You walk, in the direction you have to travel, knowing that every step is moving you forward and though your feet somewhat robotically lead you one step in front of the other, your heart, your head, your hopes are stalling behind.
You left them there at the point you started this journey. The day your loved one passed away.
You desperately want the rest of you to catch up so you can feel whole again but you’d also very much like to walk backwards and freeze time, to an hour when you and your loved ones were all together; laughing, happy – a family….whole.
You won’t have that picture as your reality again and that reality is utterly devastating.
You will have an empty seat at the dinner table. You’ll make plans for the future and feel sad to not have that person around to share in the joy or experiences you have.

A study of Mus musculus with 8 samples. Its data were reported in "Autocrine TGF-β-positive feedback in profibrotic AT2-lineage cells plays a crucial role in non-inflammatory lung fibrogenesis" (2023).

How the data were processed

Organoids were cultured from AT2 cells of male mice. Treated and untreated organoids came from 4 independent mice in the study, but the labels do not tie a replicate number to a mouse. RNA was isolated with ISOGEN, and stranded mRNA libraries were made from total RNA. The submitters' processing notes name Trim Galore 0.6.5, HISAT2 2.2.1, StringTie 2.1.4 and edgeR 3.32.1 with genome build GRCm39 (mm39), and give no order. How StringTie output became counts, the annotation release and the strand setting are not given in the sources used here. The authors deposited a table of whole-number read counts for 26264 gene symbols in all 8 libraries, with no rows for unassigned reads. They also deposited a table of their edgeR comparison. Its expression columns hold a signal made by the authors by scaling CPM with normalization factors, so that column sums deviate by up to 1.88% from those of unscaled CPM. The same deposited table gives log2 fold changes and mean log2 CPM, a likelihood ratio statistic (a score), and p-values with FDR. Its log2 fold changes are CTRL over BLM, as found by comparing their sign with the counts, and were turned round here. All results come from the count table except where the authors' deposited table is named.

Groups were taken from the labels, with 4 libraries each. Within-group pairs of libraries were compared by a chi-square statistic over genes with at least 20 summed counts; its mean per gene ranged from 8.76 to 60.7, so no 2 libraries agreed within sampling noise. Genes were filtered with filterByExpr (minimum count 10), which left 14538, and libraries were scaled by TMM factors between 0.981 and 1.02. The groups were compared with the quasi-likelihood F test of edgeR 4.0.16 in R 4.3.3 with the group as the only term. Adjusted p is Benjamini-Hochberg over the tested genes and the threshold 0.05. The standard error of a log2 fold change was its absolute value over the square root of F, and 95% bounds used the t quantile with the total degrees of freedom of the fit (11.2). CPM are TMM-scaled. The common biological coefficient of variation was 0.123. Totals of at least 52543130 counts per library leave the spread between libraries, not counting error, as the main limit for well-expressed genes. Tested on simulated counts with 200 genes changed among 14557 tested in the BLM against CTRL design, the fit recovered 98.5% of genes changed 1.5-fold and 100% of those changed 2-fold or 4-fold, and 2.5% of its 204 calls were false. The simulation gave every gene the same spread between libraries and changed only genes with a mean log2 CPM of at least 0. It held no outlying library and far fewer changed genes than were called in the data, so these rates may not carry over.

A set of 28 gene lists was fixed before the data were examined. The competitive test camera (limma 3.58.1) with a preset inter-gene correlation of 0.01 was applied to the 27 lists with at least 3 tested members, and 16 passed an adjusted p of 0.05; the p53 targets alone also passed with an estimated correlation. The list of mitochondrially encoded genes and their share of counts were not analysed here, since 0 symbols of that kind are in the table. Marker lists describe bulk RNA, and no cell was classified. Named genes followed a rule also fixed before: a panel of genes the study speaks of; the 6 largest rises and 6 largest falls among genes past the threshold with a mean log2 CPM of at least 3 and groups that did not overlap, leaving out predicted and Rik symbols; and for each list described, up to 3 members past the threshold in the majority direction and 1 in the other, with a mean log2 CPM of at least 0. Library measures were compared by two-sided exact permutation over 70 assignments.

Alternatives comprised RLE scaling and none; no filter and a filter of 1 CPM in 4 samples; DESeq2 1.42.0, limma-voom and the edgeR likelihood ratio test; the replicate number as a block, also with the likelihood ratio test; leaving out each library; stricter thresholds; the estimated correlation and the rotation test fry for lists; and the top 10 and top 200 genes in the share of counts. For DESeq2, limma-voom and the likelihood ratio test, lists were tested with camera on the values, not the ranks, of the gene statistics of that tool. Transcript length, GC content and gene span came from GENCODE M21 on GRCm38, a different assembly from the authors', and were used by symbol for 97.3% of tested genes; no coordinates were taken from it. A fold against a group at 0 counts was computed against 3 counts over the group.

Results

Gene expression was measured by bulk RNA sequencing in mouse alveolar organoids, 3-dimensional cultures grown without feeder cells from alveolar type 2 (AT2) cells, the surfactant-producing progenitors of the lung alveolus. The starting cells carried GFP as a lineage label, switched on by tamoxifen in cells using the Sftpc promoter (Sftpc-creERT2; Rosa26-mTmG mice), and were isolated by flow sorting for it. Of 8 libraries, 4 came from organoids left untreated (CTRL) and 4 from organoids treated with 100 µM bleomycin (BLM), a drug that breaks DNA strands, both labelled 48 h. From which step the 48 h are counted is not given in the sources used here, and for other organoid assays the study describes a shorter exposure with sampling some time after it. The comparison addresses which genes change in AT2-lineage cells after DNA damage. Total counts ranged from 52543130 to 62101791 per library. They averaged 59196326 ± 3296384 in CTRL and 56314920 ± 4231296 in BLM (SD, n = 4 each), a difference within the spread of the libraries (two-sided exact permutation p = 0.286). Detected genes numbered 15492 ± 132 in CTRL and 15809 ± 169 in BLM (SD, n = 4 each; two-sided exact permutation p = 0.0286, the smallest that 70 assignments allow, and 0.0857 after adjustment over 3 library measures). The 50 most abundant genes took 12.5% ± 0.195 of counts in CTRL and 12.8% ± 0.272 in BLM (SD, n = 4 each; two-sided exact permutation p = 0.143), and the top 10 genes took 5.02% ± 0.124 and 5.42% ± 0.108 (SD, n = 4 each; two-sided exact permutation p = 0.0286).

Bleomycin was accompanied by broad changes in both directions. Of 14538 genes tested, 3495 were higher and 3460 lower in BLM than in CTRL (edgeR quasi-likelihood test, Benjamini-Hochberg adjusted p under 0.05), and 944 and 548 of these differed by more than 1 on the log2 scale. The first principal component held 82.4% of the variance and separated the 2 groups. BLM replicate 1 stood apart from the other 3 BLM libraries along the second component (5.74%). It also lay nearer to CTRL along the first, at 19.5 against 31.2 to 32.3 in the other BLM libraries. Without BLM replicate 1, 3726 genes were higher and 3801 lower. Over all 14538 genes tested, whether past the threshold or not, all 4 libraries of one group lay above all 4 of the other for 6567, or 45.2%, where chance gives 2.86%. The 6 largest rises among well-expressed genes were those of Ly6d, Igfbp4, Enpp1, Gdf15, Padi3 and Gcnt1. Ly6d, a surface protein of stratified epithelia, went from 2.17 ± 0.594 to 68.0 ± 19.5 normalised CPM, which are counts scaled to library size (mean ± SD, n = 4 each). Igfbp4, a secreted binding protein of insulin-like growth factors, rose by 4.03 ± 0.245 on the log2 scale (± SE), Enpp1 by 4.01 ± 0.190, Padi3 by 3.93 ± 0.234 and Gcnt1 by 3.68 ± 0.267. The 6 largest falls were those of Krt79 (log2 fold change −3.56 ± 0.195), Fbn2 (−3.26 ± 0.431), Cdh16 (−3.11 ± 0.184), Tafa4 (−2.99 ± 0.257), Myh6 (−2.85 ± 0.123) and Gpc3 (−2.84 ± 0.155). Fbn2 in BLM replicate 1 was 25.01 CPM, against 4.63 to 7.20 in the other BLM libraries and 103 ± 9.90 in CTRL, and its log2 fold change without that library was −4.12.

You’ll travel to “get away” from your grief but it follows you everywhere. You don’t mind that too much as it keeps you feeling connected. You buy gifts for the family while you’re on holidays, all the while, remembering your family is now one valuable member down. It’s the way it will always be now. A happy moment countered with a sad realisation that happiness is no longer there to be taken for granted. Instead, it’s a choice that you have to keep making. It’s difficult.
Some days, naturally, are harder than others. Like the day they passed away. That grief caves in, dark and suffocatingly every Monday for me.
People will try to reintroduce normality. Some will offer walks, catch-ups, coffee, visits, lunch dates. You’re thankful they do but you’re not sure when you’ll be ready. It’s hard to find the energy to fake it in front of people who see through you. You avoid the company instead.
People offer sympathy but sympathy makes you sadder. You never wanted to be somebody people feel sorry for. “Sorry” is all anyone manages to say. You find connecting with people that don’t know this pain, a challenge. You wouldn’t wish this on your worst enemy… but you do wish for understanding… mainly that you’re struggling to be the person they wanted to ‘catch up’ with. You’re not sure if you ever will be again.